Google makes it possible to search for a web link and insert it into a Google Doc in one step, instead of the usual way of opening up a new tab, finding your link, copying it, and pasting it into your doc. Jess Stratton shows users how to do a web search from within Google Docs and insert a link in one step.
- [Narrator] This quick tip can save you lots of time…when creating Google Docs.…Normally, to insert a link into a doc,…many of us open up a new browser tab,…do a Google search for what we're looking for,…copy the URL of the search result,…go back to our document,…and paste it in.…Google has a tool to let us do this in one step.…Place the cursor where you want your link inserted.…From the top menu, click insert and choose link.…
Instead of pasting your link in,…you can do a Google search right from here.…I'll type in Oxford Street, London.…I don't have to hit the enter key on my keyboard.…It's going to do a Google Search.…If I don't see anything that helps me in the main result,…I can click, Find more, at the bottom,…and it will open up the research tool…on the right hand side.…If you're not sure where any search results…is going to lead you,…I do recommend clicking the arrow on the right hand side.…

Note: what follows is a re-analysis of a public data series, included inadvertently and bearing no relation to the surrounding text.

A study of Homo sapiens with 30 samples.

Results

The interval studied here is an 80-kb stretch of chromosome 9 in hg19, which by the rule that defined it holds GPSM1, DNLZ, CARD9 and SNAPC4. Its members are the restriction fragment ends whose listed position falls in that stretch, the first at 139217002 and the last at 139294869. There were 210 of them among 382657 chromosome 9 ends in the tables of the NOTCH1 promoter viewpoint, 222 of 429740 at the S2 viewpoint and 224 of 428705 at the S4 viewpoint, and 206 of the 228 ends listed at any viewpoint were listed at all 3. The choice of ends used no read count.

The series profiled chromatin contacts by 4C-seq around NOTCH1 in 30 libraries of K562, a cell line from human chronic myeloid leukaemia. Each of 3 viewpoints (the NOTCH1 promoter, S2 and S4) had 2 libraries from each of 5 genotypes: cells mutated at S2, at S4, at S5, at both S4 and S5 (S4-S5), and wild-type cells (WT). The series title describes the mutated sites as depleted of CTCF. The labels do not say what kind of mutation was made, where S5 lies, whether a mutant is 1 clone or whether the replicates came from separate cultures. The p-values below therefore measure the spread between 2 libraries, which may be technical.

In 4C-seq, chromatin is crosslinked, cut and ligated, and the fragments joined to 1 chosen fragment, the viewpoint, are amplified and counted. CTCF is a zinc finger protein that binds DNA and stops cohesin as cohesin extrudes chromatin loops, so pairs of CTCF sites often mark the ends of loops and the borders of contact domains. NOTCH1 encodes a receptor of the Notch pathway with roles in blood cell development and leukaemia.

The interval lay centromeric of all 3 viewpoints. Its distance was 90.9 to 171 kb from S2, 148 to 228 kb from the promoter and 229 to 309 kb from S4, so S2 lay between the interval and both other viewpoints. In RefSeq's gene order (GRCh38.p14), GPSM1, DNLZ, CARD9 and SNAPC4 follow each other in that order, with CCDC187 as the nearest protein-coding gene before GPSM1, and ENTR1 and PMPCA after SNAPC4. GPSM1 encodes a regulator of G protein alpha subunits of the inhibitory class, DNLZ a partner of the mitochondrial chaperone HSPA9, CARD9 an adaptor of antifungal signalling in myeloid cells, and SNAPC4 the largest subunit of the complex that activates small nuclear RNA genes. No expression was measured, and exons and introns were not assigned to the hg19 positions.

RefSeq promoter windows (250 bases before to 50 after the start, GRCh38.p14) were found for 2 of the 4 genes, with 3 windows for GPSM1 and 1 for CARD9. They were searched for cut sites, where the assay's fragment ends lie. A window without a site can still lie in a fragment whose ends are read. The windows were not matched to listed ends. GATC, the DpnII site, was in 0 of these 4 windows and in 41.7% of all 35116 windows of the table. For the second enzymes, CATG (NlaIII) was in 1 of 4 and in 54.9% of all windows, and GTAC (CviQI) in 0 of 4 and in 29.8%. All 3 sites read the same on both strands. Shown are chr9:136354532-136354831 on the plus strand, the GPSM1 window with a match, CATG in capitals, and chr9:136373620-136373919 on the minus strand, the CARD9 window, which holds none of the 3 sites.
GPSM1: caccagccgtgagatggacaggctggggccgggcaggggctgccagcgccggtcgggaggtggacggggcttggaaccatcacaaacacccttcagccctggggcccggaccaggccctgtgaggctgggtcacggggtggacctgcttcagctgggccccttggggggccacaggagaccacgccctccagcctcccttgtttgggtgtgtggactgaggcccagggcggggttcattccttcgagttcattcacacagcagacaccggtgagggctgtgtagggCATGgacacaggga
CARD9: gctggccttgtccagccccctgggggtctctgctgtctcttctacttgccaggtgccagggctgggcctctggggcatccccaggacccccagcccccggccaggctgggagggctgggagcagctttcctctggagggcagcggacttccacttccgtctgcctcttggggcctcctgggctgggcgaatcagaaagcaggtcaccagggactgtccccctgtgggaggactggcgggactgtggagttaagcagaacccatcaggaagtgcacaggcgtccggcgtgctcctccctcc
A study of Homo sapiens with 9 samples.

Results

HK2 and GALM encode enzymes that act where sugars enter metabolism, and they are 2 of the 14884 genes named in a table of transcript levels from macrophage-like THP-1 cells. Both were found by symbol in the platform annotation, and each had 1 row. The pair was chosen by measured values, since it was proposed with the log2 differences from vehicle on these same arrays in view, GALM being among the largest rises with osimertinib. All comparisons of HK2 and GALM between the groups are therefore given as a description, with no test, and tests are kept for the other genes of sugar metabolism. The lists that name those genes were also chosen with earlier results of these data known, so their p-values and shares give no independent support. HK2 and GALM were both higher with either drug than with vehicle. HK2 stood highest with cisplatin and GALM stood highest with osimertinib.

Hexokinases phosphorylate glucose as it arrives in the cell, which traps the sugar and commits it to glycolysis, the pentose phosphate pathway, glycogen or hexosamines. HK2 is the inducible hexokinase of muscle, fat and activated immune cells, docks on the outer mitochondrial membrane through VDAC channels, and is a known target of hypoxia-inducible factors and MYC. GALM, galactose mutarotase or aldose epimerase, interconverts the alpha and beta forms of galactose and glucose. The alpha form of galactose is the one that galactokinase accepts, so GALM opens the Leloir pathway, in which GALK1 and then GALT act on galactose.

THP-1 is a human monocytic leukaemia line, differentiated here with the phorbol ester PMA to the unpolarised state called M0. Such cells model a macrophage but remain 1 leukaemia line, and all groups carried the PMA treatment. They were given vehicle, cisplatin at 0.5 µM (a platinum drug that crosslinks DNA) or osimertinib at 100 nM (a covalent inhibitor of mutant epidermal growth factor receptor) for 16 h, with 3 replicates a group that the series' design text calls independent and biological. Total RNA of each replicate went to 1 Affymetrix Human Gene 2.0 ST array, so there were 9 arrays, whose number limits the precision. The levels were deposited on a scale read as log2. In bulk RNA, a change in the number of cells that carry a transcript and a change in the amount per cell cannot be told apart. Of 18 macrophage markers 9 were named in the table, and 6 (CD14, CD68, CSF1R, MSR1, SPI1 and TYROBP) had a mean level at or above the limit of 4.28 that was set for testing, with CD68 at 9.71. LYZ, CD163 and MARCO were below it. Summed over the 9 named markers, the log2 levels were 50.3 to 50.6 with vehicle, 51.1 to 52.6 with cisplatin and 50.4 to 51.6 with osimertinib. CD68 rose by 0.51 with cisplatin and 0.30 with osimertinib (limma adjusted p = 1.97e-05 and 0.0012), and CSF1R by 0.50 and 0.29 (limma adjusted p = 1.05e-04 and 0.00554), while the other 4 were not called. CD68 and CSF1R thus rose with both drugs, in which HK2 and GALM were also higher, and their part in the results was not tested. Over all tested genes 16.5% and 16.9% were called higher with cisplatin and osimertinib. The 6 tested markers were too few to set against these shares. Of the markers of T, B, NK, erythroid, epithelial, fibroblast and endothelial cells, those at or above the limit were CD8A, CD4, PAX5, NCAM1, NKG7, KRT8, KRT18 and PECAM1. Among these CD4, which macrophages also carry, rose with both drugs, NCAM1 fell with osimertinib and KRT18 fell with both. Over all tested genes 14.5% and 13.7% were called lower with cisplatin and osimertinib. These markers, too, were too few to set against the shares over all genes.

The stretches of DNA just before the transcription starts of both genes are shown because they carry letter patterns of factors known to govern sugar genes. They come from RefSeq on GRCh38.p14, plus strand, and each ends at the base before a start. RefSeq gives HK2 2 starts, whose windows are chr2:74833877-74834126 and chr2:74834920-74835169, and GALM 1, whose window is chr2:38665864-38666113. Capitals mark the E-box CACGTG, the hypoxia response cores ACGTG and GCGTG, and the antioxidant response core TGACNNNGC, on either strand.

It's going to open up the search result…in a new browser tab window.…If you decide you want to use one of these links,…
- Explain why you might want to export a file as a PDF instead of a Word document.
- Recall what happens when you double-click the Paint format icon.
- Recognize the common layout tool that makes building a graphical header easy.
- Recall what happens when you tag a person in a document comment and that person is not a collaborator on that document.
- Determine what happens when you click on the arrow on the right-hand side of a search result.